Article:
Emerging from the COVID-19 pandemic, consumers with money to spend have been confronted with global supply constraints, higher prices and increasingly concerning inflationary pressures.
According to a report published in late October by the US Department of Commerce, headline inflation rose by 4.4% in September from the year before, representing the fastest such increase since January 1991. Core inflation, the preferred barometer of the US Federal Reserve, was up 3.6% over the same period.
By either indicator, inflation is running far above the Fed’s long-term 2% target. The situation may, by the end of 2021, become a little more unnerving, as the central bank’s forecasts suggest inflation could hang around the 5% mark for the rest of this year before cooling off in 2022.
The typical response from monetary policymakers would be to raise interest rates, as the IMF is advocating. For the last few years, rates have been hanging around the zero-lower bound – the Fed has not raised rates since 2018. This is important for dealmakers, as higher interest rates lead to more expensive debt financing. But there is no cause for alarm just yet, for a number of reason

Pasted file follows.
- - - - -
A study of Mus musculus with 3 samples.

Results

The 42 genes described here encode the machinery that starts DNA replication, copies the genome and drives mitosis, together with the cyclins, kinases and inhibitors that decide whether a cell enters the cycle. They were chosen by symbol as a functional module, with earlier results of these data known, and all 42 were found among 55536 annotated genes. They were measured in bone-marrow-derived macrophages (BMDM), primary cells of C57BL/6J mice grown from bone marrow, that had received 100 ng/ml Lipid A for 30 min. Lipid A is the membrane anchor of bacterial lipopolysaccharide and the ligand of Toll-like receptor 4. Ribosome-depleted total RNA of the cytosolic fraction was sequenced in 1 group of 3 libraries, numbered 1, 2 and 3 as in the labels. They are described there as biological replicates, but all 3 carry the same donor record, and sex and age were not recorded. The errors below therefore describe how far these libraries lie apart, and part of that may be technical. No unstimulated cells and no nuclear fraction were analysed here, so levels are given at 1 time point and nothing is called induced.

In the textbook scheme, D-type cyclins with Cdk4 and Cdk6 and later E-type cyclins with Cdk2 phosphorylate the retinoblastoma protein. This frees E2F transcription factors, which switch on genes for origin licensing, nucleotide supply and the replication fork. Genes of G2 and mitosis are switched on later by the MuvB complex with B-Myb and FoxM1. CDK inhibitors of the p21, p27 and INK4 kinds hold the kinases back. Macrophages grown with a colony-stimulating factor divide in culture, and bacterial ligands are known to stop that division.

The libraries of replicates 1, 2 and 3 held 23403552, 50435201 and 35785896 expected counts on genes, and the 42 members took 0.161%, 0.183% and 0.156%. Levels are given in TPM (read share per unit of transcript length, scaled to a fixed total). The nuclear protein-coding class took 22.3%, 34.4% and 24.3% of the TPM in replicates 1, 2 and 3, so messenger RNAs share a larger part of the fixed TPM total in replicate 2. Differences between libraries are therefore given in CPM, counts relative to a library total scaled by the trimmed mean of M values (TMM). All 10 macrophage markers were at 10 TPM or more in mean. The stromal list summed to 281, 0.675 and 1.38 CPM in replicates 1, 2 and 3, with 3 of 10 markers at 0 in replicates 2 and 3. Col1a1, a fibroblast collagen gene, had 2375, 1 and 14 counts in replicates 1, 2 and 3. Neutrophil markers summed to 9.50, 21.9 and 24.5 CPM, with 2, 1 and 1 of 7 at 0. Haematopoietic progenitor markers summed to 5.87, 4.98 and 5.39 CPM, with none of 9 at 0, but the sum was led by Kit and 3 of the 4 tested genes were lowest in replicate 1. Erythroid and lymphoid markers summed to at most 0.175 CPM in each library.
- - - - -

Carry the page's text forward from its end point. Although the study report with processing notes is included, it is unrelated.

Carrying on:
First, although the IMF may be issuing warnings, it is generally aligned with the Fed’s view that inflation will cool off in 2022. This, the data suggests, is a transitory issue caused by the pandemic. Second, any rise in rates by the Fed will not come out of the blue. Under Chairman Jed Powell, the central bank has telegraphed any possible changes in policy months in advance.
Third, as supply chains recover, price increases may slow, easing some pressure. And fourth, non-traditional lenders are still likely to lend at lower rates than banks, and a great many acquirers remain cash-rich post-pandemic. More costly debt financing in the short term will not prove such a burden.
That the economy would take a hit from a global shutdown was never in doubt. But M&A activity in the Americas has bounced back with remarkable vigor, suggesting it can easily withstand a brief patch of heavy weather from higher interest rates.